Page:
Welcome to the Future of Work Roundup. Each week, we bring you five top stories—drawing from the latest academic research and industry trends—to give you an easily-digestible snapshot of how work is changing—and why it matters.
Week of August 1, 2022
Employers are now planning for 2.3 work from home days per week after the pandemic.
Last week, remote work experts, Jose Maria, Nick Bloom, and Steven Davis, shared their latest research update showing that employers are now planning for an average of 2.3 work from home days per day after the pandemic—and this number is rising. Right now, key decision points for leaders are whether to choose 2 or 3 days in the office, whether to standardize these days across teams, and which days to select as in-office days.
Freedom to work asynchronously privileges the C-Suite.
New research by Qatalog and Gitlab explores how companies are adopting asynchronous communication—communication that doesn't require real-time presence of the sender and the receiver. The research finds that async communication privileges executives, with 74% of C-level execs able to work in an async way often or all of the time, whereas only 32% of managers and 24% of individual contributor roles (analysts and assistants) are permitted to do the same. If companies want to get the most benefit from async communication, they need to do a better job of building that culture from top to bottom.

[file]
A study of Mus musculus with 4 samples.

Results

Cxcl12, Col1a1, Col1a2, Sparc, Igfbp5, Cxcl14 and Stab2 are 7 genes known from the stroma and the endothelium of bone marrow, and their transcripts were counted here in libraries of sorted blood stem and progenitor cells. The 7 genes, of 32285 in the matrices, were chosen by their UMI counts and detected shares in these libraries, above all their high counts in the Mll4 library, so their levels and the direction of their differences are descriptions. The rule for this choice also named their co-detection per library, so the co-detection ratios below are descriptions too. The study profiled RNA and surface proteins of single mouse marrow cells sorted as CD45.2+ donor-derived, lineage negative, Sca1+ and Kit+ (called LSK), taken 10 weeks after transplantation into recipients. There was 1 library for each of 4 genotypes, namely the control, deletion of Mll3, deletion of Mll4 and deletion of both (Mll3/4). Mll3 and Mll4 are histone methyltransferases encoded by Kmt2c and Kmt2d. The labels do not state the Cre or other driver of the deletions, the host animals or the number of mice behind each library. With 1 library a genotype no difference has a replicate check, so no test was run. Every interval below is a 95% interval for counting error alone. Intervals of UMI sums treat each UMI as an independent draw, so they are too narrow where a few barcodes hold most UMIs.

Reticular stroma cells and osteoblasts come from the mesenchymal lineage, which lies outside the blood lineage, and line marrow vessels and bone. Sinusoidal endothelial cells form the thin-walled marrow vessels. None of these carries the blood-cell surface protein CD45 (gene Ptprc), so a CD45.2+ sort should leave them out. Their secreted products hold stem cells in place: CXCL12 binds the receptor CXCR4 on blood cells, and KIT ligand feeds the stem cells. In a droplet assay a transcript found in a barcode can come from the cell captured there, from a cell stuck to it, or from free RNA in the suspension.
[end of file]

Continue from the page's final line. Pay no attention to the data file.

There’s an upside to picking favorites at work.
A new study finds that there can be an unexpected upside of playing favorites at work. The research found that when a boss played favorites and their favorite employees demonstrated “authentic pride” (attributing their favoritism to their own work ethic), their peers were more likely to want to learn from them and seek their advice. But when a boss’ favorite employees demonstrated “hubristic pride” (attributing their favoritism to their own intrinsic qualities like talent), this sparked envy among their peers. This suggests that playing favorites at work can be a good thing, but only if you have a pulse on how your favorite employees are going to respond.
Employees who work on vacation are more likely to quit.
New research by Visier, a global leader in people analytics, suggests that employees who work on vacation are more likely to quit. The research found that 44% of full-time employees think about quitting while on vacation and of the employees who think about quitting while on vacation, those who stayed “very connected” to the job—by checking email, joining meetings, or working on tasks, during their time off were 36% more likely to actually quit. The good news is that employees don’t put in their resignation letters immediately after vacation—giving employers time to potentially course correct.
Employees who adopt hybrid work are less likely to quit.
According to new research published by the National Bureau of Economic Research, hybrid work can reduce quitting rates. The research is based on a randomized, controlled trial of more than 1,600 employees at a large tech firm that allowed some employees to work from home on Wednesdays and Fridays, while others worked full time in the office. The study found that working from home reduced attrition rates by 35%—underscoring the need for employers to take hybrid work seriously if they aren’t already.
Thanks for reading. Stay tuned for next week’s Future of Work Roundup.